By Noel Randewich
SAN FRANCISCO (Reuters) - The Nasdaq blasted through a record high on Friday as traders looking to ride recent momentum piled into Microsoft (NASDAQ:MSFT), Netflix, Amazon.com (NASDAQ:AMZN) and other high-performance technology names.
The rise came alongside a broad rally in the market. The S&P 500 Index and Dow Jones Industrial Average also rose sharply - up 1.5 percent - as February's jobs report assuaged fears of inflation and aggressive interest rate hikes. The gains came nine years to the day since the bull market began.
Microsoft, Apple (NASDAQ:AAPL) and Amazon each rose more than 1 percent and hit or closely approached all-time highs, while the Philadelphia Semiconductor Index surged 1.8 percent to its own record.
Those stock moves helped push the Nasdaq Composite Index up 1.4 percent to 7,532 points, which is about a third of a percent higher than its previous all-time high on Jan 26.
The Nasdaq and the S&P 500, also up about 1.4 percent, were both helped by employment data that tempered fears of faster interest rate increases.
There was no major news specifically related to the tech sector driving its gains.
Netflix jumped 3.6 percent, also hitting a record high and bringing the video streaming service's gain in the past year to 65 percent.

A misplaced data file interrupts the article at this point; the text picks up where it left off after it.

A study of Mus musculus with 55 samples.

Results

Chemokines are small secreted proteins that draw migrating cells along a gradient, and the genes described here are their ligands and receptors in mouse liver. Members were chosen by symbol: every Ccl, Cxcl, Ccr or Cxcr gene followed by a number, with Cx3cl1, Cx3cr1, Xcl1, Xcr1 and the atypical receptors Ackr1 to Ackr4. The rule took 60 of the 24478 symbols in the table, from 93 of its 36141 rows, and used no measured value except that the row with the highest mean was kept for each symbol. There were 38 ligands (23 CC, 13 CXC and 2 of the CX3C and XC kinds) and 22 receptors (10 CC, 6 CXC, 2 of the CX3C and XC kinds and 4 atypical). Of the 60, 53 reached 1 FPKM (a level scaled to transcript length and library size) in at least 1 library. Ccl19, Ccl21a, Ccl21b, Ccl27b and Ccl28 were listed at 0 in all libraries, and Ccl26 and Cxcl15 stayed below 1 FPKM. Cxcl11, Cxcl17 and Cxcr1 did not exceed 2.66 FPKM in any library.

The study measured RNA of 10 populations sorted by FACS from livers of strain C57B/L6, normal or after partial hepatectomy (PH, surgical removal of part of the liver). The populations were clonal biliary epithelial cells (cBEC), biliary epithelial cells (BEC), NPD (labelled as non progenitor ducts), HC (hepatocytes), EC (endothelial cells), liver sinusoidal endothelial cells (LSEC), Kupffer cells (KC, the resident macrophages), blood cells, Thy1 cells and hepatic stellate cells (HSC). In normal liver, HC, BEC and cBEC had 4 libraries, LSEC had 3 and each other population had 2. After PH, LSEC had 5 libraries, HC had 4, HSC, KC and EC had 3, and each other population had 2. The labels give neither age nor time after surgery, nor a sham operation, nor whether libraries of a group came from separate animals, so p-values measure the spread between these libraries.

"You look at tech and think, 'What is the catalyst that's going to bring it down?' I don't see one in the short term, and that makes me confident as a trader to go into those stocks that have been the leaders," said Dennis Dick, a proprietary trader at Bright Trading LLC.
Technology stocks have been widely viewed in recent months as a "crowded trade," a situation where most investors have the same opinion, increasing the potential for a volatile selloff if sentiment changes.
For example, Bank of Montreal in January launched an exchange traded fund aiming to triple the return of 10 stocks, including the so-called FANG stocks - Facebook (NASDAQ:FB), Amazon, Netflix Inc (NASDAQ:NFLX) and Google parent Alphabet (NASDAQ:GOOGL).
Large cap active fund managers recently trimmed their relative weight in technology stocks to 1.18 times the broader market, down from 1.23 last month, giving up to discretionary stocks its position as the most crowded sector, according to a recent report from Bank of America (NYSE:BAC).
The Nasdaq is up 9 percent year to date, compared to a 3 percent increase in S&P 500, which has yet to recover from a February selloff sparked by fears of higher interest rates.